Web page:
As I was walking out of the meetingroom this past First Day, I approached a Friend whom I have not seen at worship for several years. It was a Friend I had met only a few times before she had stopped attending, so I didn't expect to get involved in any sort of deep conversation.
It may have been a New Year's resolution on her and her partner's part to return to worship more regularly, and she expressed that it felt good to be among Friends again. She asked if I came regularly to that particular meeting for worship, and I answered yes, a couple of times a month, in addition to attending the worship group that's been around for a few years.
The Friend asked me how that was going and how large a group it was. When I told her we were rather small--but still growing--she joked that perhaps it was "worship for introverts." I laughed too, but then I added:
Actually, we've had someone come once who said the worship group wasn't for her because it was so intimate, and she felt she couldn't be anonymous there. I think it's not so much about being introverts as much as it is that, as a worship group, we are very much about seeing one another and about being seen, by God.Spiritual intimacy can be the result of worship experiences that are grounded in corporate seeking as well as in sharing what our understanding is of how we are being called to serve and what we are wrestling with, both as individuals and as faith communities.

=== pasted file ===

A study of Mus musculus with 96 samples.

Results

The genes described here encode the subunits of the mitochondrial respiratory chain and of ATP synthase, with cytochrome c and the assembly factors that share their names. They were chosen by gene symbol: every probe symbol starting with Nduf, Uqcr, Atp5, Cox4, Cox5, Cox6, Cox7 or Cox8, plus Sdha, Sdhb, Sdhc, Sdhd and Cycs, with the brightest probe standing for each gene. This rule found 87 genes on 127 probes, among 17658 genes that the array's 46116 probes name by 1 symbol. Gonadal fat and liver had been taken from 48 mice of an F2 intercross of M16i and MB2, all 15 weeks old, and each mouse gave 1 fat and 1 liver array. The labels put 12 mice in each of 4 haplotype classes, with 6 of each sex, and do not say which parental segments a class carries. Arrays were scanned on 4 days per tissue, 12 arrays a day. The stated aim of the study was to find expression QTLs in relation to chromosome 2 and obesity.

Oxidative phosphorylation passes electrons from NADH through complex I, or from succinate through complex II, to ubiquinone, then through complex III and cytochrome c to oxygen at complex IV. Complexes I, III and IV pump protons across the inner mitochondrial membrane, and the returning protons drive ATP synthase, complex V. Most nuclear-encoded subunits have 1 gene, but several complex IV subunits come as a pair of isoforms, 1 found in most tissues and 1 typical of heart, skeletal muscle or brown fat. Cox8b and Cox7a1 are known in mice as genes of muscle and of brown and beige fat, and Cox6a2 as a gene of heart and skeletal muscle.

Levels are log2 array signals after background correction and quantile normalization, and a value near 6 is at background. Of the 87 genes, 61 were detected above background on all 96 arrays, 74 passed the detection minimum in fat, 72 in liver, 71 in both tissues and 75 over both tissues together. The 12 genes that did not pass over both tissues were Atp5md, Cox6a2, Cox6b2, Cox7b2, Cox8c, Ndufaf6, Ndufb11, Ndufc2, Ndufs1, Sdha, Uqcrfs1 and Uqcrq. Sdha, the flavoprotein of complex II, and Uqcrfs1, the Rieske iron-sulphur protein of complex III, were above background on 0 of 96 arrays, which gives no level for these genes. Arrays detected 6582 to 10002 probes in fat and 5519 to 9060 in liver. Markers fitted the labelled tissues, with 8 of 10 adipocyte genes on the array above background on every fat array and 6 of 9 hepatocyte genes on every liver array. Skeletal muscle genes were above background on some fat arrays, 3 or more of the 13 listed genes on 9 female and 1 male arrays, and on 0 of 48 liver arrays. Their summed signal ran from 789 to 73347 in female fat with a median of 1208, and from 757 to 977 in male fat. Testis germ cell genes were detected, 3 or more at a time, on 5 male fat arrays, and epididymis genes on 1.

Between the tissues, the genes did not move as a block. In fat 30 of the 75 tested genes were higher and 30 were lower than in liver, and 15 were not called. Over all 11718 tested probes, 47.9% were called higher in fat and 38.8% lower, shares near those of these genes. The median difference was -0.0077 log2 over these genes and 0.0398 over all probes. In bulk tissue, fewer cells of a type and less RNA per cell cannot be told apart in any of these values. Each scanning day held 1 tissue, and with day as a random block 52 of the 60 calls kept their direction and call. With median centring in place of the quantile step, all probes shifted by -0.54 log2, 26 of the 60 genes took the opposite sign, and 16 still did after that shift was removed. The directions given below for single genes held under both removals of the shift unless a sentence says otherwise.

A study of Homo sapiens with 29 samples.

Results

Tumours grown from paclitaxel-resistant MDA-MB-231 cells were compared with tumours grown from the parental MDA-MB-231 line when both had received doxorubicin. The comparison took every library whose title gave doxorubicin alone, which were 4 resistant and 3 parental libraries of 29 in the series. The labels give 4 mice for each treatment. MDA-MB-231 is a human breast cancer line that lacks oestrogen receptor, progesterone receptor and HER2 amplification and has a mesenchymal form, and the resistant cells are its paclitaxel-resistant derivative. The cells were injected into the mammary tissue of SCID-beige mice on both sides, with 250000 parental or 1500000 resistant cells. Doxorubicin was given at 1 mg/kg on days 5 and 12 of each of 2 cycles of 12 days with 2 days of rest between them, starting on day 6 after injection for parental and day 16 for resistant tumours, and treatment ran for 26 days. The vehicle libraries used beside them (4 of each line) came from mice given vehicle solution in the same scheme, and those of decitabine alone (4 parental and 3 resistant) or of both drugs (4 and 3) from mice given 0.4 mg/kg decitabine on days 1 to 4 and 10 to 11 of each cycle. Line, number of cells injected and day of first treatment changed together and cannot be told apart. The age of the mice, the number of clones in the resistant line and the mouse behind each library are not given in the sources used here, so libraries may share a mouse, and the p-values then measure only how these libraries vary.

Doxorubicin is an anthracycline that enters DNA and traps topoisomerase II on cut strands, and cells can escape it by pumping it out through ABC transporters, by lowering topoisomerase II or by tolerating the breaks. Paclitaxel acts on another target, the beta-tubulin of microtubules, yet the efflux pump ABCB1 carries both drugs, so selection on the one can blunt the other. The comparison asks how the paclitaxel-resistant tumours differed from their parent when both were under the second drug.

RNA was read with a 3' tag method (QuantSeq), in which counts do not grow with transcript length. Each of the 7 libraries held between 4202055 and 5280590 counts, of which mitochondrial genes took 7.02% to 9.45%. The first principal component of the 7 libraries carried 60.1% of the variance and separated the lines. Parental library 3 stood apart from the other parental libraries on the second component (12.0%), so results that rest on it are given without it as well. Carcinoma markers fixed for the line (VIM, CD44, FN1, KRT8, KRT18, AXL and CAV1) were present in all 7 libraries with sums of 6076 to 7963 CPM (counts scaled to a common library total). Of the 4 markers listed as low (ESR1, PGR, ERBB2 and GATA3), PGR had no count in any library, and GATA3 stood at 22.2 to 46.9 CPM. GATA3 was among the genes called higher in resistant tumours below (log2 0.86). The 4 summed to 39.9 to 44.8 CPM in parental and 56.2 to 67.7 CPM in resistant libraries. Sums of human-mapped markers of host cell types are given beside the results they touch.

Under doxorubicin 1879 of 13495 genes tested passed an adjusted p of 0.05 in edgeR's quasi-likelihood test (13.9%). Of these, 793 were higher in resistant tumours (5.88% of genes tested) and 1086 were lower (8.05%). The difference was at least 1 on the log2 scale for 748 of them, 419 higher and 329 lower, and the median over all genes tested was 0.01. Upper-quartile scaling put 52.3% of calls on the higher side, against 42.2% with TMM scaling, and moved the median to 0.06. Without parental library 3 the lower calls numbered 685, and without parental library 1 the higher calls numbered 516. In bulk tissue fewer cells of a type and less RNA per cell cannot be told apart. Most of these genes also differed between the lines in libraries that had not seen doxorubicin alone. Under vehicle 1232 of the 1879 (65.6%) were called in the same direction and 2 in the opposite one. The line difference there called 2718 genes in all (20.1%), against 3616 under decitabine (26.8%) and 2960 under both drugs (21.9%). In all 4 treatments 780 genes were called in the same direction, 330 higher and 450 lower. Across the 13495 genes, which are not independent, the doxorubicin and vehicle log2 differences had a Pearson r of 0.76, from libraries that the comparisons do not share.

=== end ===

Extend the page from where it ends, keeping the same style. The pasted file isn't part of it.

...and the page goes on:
But spiritual intimacy must not be taken for granted. Our meetings and worship groups must be intentional about creating and safeguarding opportunities where we can ask one another how our relationship with the Divine is going; what we are wrestling with; where and how we are finding spiritual nurture. When those opportunities are reduced or dropped altogether in the place of social exchanges, peace rallies, and committee meetings, the foundation of our covenant community can begin to crumble.
Even our potlucks can undermine the knitting together of our covenant communities, if the meals morph into solely having a good time without discovering how it is within one another's souls and how we are faring with living into our measure of Light.
What's more, as new families and new attenders arrive at our meetings, they typically will pick up on how the rest of us engage with each other outside of worship: Do we talk about our Quakerism? Do we talk about our children? Do we talk about our week at the office?
If we restrict to waiting worship our reflection and expression of our spiritual encounters with the Divine, and if we dedicate our post-worship time to peace-and-justice announcements and activities, is it no wonder that those who are new to Friends come to see our meetings for worship as a place where what matters isn't so much about God in our lives as it is about having the hour of "silence" together, followed by the activities that encourage our apparent shared values?
Not that that's a bad thing; just that there is more to being a Friend than being able to sit in silence and then "go invisible" afterwards. There is the journey of learning to be obedient to the Spirit, and the acceptance of the very real possibility that at any moment, we can be changed, we can be transformed by the Light that shines within us.
OTHER POSTS in the series on Spiritual intimacy:
The next post (part II)
The post after that one (part III)
Members One of Another, by Thomas Gates.